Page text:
Buddhism

One Buddhism? Or Multiple Buddhisms?

There are two distinct but related histories of American Buddhism: that of Asian immigrants and that of American converts. The presence of the two communities raises such questions as: What is the difference between the Buddhism of American converts and Buddhism of Asian immigrant communities? How do we characterize the Buddhism of a new generation Asian-American youth—as a movement of preservation or transformation?... Read more about One Buddhism? Or Multiple Buddhisms?

koan

A koan (also: kong-an; kung-an) is a paradoxical question given to students by Zen masters to meditate upon as a means of cutting through reliance on analytical, discursive thinking and thereby aid in attaining realization. This technique is especially associated with the Linji school of Chan (Zen) in China, the Chogye school in Korea and the Rinzai Zen school in Japan.

Patimokkha

The Patimokkha is the Theravada Buddhist code of monastic rules.

tea ceremony

Chado, meaning “the way of tea,” refers to the tea ceremony, a ritualized method of preparing and drinking tea so that the act assumes profound aesthetic and spiritual import. Although the practice originated in China, it attained its most refined form in the Zen monasteries of medieval Japan. According to tea masters, the ceremony should integrate four qualities. harmony, purity, respect, and tranquility.

Bhaishajya-guru

Bhaishajya-guru or the Medicine Buddha is the Buddha of the Eastern Pure Land of Azure Radiance, best known for his determination to heal those whose faculties are imperfect. By removing diseases and giving perfect health of body and mind, he vows to enable everyone to achieve enlightenment.

Kalu Rinpoche

Kalu Rinpoche, a Kagyu teacher, spent his early years as a Buddhist yogi in Tibet. Because of the Tibetan sovereignty debate, he fled to India. In 1971, he made his first visit to France and America at the request of the Dalai Lama and the 16th Karmapa. Since then, Kalu Rinpoche has formed a number of centers for the practice of Chenrezig sadhana, a form of meditation said to be especially effective in developing wisdom and compassion. His main center in North America is in Vancouver, Canada.

ordination

Ordination means consecration to a priestly or monastic life. The term is used in the Buddhist tradition for the rites of becoming a monk (bhikkhu) or nun (bhikkhuni); in the Jewish tradition for the rites of becoming a rabbi; and in the Christian tradition for the rites of becoming a priest or minister.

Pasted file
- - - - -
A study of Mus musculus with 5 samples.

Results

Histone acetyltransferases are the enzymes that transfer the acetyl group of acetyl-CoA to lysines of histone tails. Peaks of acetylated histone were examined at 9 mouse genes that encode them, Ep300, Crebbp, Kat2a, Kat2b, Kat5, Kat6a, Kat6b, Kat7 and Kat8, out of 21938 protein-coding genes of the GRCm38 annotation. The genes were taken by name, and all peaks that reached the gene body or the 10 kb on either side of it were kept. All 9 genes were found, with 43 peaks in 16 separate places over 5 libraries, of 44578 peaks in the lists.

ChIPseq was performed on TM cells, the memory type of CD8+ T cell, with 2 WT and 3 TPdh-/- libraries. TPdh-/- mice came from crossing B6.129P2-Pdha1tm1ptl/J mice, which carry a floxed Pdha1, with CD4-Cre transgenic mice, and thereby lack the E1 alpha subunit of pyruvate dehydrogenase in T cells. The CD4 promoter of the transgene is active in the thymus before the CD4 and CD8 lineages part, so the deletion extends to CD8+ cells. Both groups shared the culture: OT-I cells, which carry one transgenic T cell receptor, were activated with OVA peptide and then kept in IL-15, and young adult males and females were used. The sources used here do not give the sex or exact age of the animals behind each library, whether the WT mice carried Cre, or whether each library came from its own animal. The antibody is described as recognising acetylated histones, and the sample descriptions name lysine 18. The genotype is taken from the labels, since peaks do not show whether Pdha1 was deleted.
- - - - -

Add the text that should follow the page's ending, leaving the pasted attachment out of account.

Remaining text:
Sukhavati

(also: Amitahba Buddha Paradise Kingdom; Western Paradise Sukhavati) Sukhavati, the Western Pure Land presided over by Amitabha Buddha, is the main focus of devotion in the Pure Land school of Chinese Buddhism, and the Pure Land (Shinshu) and True Pure Land (Jodo Shinshu) schools of Buddhism in Japan. In this paradise, there is no suffering or hardship, only happiness, purity, and safety. Anyone can be reborn to the land by reciting Amitabha’s name with complete sincerity and concentration. Despite the fact that people are reborn in Sukhavati carrying the full karmic weight of their actions... Read more about Sukhavati

Assayuja

Assayuja, a day of special importance in Theravada traditions, marks the Buddha’s descent from second heaven, where he had preached the Dharma to his mother. The day also marks the end of the three-month vassa, or rainy season retreat for monastics, in Southeast Asia.

dana

Dana is a religious gift as well as the quality of liberality or generosity. In the Buddhist tradition, generosity is one of the six paramitas (“perfections”) that one cultivates on the bodhisattva path. The other perfections are: discipline, forbearance, energy, concentration, and wisdom.

immigrant Buddhism

The term “immigrant Buddhism” refers to the form of American Buddhism identified mainly with immigrant Buddhists from Asia, whether of the first wave of Chinese and Japanese or the second wave of Southeast Asians.

Nirvana

(also: Nibbana) In religions of Indian origin, nirvana means “blowing out,” i.e. the cessation of greed, hate, delusion, attachment, and desire —all the fuel of rebirth. In Buddhist philosophy, it refers both to Truth of the “far shore,” and to th. state of great spontaneity, tranquility, and purity that accompanies the realization of that Truth. In the Hindu tradition, moksha (liberation) is often spoken of as nirvana as well. In the Jain tradition, moksha occurs with the attainment of kevalajnana, the supreme, omniscient knowledge of the nature of the universe.

Sokatsu Shaku

Sokatsu Shaku was largely responsible for popularizing Ryomokyokai, the lay-Zen organization first formed by his master, Kosen, at the end of the 19th century. In 1906 Sokatsu led a group of six disciples, including Sokai-an Sasaki, to California, where the group established the first American branch of Ryomokyokai in San Francisco. Sokatsu returned to Japan for two years, came back to the United States briefly, then returned to Japan for good.